2 Samuel 22; Galatians 2; Ezekiel 29; Psalm 78:1–39
SOME COMMENTATORS UNDERSTAND Paul in Galatians 2:1ff. to be saying that after some years he returned to Jerusalem to set before the Jerusalem apostles and other leaders the Gospel he had been preaching among the Gentiles, because he wanted to have himself checked out.
He did this privately, of course; yet the fact of the matter is that Paul was afraid he was running or had run his race in vain (Gal. 2:2). This proves that Paul was not as secure in his own mind as he pretends to be in the previous chapter. There is a sense in which he was a derivative apostle.
This reading will not stand up. What Paul means is something quite different. The Galatians have been invaded by agitators from the outside, men who have presented themselves as being authorized by Jerusalem, as somehow supported by the "regular" apostles. The book of Acts supplies evidence that Paul was sometimes dogged by such people. So he goes to Jerusalem, not to have his gospel validated or recast (at this point, Paul is not going to change his mind or direction), but to ensure there are no misrepresentations among the Jerusalem leaders as to what he is preaching, and to encourage those leaders to disassociate themselves entirely from the "false brothers" who are unfairly appealing to Jerusalem to damage Paul and his ministry among the Gentiles. In short, Paul takes steps to ensure that he is not running his race in vain; these agitators are trying to undo his work. He wants to take all proper steps to undermine their pretensions and destroy their influence. Acts 15 shows that that is precisely what the Jerusalem Council achieved. Indeed, Galatians 2:11–14 suggests that Paul achieved gospel consistency more quickly than some of the other apostles. Far from submitting to their judgment on the content of what he was preaching, he was prepared to administer his own rebukes if he saw them behaving inconsistently.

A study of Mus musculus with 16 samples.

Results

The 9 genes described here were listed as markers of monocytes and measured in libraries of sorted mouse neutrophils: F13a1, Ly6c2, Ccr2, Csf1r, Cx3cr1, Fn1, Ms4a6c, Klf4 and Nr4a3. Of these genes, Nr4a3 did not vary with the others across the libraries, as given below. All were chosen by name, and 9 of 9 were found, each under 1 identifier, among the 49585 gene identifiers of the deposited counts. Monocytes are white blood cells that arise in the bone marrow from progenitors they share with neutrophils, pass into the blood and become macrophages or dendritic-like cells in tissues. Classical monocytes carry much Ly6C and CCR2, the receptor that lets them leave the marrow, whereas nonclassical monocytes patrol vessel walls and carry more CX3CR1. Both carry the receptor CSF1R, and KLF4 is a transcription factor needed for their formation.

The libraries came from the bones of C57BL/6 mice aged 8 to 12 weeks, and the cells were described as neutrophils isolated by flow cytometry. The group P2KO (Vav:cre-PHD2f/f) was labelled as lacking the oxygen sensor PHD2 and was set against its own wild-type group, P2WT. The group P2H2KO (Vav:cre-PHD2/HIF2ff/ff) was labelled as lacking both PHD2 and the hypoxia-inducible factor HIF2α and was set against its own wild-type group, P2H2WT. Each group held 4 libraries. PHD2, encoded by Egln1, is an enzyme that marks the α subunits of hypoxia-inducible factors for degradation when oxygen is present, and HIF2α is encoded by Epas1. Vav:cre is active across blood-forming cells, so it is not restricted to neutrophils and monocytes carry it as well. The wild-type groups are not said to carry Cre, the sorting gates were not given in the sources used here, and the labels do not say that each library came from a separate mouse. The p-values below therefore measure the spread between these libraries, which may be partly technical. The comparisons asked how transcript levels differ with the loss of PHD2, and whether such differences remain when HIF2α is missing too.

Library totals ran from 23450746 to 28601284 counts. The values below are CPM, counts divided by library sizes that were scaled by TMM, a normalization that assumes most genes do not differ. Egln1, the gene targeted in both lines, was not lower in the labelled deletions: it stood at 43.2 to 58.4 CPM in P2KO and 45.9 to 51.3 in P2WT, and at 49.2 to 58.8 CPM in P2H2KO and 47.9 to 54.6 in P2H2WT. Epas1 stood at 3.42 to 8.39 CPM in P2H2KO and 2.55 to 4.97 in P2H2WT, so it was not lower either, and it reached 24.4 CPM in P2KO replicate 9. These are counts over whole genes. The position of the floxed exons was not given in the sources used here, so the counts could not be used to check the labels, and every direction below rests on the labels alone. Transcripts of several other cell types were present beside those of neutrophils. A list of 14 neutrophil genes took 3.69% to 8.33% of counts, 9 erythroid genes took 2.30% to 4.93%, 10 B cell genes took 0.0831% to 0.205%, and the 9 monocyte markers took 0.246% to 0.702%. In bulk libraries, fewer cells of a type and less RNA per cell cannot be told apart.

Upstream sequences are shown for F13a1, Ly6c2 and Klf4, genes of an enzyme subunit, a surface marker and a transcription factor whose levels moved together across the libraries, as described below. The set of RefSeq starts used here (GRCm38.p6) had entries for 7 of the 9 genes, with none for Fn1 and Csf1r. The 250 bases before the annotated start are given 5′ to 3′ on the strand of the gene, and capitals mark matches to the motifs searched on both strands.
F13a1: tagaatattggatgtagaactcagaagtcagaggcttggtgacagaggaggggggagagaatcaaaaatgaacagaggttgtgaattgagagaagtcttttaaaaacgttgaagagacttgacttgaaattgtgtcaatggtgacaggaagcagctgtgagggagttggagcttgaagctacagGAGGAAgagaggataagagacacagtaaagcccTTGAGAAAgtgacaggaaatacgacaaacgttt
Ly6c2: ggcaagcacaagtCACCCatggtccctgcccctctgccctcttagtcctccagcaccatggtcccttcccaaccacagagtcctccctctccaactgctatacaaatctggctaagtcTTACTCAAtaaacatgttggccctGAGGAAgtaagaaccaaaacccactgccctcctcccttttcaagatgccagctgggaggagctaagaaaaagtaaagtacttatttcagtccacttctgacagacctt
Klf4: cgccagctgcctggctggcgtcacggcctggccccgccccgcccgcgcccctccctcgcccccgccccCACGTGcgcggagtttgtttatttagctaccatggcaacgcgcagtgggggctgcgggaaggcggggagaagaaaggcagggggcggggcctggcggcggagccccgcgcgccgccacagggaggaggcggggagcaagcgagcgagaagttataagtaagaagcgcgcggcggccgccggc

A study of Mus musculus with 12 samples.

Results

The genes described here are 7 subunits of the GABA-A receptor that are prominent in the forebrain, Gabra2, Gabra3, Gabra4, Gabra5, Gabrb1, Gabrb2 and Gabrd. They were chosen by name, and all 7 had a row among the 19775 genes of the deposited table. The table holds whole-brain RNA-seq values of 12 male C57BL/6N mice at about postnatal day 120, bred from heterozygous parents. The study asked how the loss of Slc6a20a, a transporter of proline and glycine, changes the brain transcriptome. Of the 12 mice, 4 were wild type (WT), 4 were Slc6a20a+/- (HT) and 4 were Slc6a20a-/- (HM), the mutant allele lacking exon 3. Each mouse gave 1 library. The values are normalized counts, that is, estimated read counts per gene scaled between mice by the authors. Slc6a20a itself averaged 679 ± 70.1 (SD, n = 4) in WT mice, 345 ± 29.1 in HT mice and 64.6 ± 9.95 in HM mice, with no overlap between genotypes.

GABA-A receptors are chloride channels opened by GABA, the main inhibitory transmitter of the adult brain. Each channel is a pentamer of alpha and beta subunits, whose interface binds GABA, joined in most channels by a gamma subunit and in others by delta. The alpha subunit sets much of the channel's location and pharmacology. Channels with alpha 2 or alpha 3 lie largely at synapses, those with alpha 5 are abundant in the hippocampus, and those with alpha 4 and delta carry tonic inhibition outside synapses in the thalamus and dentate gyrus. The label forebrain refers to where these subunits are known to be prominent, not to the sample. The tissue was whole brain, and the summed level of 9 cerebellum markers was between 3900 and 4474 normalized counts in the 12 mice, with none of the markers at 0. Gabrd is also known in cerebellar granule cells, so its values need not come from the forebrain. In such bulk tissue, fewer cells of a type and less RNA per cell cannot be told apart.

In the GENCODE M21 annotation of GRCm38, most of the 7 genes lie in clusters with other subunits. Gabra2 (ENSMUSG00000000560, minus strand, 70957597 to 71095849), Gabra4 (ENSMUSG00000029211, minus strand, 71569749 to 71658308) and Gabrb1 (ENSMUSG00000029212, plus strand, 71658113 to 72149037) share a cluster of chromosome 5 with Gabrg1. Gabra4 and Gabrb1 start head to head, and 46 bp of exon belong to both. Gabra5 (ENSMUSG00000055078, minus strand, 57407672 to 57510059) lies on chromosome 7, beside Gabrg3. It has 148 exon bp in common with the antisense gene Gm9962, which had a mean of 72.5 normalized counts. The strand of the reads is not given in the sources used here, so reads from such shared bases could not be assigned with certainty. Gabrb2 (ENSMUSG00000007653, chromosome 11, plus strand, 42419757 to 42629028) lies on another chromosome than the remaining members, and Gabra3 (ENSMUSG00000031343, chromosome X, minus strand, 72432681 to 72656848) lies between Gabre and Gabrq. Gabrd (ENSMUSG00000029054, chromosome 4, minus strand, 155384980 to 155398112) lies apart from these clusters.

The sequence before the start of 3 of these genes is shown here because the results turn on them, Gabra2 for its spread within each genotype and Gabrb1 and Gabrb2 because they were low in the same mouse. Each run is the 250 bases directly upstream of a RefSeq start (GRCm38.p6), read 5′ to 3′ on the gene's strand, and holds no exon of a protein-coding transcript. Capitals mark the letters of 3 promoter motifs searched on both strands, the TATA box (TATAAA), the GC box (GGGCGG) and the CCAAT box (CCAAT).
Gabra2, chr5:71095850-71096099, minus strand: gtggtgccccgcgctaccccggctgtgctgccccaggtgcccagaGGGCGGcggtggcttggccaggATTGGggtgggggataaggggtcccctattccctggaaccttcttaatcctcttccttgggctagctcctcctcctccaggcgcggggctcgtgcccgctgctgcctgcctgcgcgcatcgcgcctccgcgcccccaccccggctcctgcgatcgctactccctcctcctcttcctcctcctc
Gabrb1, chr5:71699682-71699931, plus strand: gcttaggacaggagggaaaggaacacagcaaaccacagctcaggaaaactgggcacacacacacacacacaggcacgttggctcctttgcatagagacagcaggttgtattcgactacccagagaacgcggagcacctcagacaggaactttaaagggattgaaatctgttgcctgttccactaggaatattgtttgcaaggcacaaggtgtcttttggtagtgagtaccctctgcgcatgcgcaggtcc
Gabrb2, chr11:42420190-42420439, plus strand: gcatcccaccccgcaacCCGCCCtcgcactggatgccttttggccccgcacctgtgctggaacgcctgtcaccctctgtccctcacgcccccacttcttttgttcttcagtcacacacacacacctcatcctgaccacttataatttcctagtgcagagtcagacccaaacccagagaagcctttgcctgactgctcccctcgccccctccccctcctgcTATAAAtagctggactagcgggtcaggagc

Although there are many piercingly important theological issues that emerge from these confrontations, at this juncture we may fasten on a practical one. While the Gospel is something worth contending for, there are right ways and wrong ways to go about this business. When Peter's inconsistency is public and doing public damage, Paul's rebuke is public (Gal. 2:11–21). When Paul is trying to clear the air, find out what is going on, and present the tenor of his own work, he approaches the others "privately" (Gal. 2:2). His concern, after all, is the advance of the undiluted Gospel, not his own public vindication. When we find ourselves in the place where we must tenaciously contend for the Gospel, we must think through how to do so most winsomely and strategically.